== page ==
January 31, 2012

Good boy, Rumpert! That’s just the idea I was looking for!

I like it when people say “flush” when they mean “flesh,” as in “I’ll flush out the idea and get back to you.”

Actually it drives me crazy, but this blog is about what I like so I’ll chalk this one up as a favorite stupid verbal mistake.

Flush is used—properly—as a verb three ways:

  • To make something appear– often with the help of dogs, a large stick or threats (see photo above).
  • To make something disappear with lots of rushing water
  • To turn red due to fever, humility, embarrassment or a rash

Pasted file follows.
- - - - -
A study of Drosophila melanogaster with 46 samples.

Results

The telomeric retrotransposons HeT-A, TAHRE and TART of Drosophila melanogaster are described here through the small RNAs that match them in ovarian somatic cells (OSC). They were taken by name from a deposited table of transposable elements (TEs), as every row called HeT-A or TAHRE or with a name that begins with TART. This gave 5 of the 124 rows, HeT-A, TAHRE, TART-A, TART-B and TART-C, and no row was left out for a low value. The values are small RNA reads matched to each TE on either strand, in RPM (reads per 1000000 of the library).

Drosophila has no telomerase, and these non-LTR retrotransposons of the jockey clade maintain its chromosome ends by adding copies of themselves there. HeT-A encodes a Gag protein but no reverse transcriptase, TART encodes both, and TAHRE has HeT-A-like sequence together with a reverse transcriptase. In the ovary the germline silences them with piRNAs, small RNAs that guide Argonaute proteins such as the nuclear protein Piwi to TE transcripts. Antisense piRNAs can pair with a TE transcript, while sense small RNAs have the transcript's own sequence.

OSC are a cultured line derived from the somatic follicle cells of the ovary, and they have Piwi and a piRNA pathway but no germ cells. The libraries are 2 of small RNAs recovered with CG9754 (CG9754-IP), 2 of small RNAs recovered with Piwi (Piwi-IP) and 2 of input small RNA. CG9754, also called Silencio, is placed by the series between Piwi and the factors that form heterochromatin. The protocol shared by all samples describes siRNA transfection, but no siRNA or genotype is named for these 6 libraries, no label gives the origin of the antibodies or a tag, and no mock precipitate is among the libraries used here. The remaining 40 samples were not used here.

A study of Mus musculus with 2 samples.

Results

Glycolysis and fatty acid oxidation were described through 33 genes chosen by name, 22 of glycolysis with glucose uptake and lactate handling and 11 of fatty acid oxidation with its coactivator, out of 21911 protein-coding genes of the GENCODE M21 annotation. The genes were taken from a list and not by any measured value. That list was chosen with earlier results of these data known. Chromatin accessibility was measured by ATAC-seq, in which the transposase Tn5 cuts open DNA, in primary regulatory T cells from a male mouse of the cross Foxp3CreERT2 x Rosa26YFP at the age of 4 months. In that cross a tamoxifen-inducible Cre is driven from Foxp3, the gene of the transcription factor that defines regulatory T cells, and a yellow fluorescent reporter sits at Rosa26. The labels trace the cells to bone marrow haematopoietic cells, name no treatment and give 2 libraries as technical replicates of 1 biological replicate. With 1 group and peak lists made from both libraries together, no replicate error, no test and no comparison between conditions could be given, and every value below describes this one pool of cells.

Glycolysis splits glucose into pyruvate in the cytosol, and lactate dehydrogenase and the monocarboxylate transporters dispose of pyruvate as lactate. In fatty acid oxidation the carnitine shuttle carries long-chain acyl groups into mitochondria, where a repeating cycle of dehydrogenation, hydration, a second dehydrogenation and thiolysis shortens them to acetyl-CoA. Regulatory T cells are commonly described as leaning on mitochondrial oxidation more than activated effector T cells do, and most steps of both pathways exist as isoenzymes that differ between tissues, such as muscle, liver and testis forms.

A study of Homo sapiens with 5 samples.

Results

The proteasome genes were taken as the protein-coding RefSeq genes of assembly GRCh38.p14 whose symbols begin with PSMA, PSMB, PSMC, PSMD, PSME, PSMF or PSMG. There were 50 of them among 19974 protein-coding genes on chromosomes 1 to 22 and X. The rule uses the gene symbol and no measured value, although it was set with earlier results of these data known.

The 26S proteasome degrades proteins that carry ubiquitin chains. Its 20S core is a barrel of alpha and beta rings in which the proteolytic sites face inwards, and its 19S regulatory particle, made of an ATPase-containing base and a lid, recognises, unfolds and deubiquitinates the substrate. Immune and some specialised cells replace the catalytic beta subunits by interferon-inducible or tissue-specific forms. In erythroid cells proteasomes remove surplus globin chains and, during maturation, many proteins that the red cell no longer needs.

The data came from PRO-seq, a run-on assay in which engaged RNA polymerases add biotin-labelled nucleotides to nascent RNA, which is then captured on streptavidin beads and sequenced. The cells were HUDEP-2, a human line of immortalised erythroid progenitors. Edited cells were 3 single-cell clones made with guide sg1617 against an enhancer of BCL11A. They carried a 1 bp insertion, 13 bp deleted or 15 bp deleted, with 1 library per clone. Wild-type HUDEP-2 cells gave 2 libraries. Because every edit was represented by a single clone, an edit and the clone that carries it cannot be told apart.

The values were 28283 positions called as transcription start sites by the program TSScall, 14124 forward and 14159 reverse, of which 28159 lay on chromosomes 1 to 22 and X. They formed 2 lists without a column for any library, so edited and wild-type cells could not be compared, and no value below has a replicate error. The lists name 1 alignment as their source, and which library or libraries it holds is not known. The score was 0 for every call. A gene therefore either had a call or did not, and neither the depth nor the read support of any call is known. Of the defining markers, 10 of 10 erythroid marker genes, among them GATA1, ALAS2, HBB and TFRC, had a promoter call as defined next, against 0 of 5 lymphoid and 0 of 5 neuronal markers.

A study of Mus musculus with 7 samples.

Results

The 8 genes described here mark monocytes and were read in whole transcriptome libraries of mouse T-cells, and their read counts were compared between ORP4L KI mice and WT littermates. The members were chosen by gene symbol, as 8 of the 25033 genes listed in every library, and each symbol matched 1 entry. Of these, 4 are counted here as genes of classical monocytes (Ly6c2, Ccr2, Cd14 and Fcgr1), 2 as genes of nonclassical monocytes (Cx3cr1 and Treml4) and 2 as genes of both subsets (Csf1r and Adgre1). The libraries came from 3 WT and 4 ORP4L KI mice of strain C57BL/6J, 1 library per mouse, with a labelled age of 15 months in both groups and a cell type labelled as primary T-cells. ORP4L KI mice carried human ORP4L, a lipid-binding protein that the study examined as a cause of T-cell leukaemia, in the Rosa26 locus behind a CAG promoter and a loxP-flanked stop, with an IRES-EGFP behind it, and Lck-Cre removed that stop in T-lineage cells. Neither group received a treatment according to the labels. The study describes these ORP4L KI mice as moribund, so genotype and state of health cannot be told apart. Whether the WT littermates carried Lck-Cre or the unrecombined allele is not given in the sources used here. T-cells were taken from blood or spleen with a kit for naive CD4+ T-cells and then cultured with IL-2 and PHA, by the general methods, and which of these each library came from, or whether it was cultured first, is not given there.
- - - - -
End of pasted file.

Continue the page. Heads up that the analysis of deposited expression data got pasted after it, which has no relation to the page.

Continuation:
Flush does not and never has meant to grow, expand or add detail to. That is to flesh.

Is an idea thought up in the WC one that you “flush out?”

I suppose one could flush out an idea; that is to discover it hiding among the gray matter and force it into the open. In other words, to THINK of it. And I suppose that someone who says whatever pops into his head is “flushing out” an idea. But that is the opposite of thinking.

District Attorney Adam Schiff (portrayed by Steven Hill) was an excellent judge of flushable ideas.

Certainly there are notions worthy of being flushed the second way. This is the origin of the phrase “what a crappy idea.” And the meaning intended by NY District Attorney Adam Schiff (seen above) when he said to ADA Jack McCoy, “that deal left skid marks in the bowl.”

So please, when you’re working on an idea, notion, story, treatment or outline, don’t say you’re flushing it unless you are tossing it. Or painting it red. Or inflating it. Or giving it measles.

Original advertisement for the first patented devise for the disposal of bad ideas.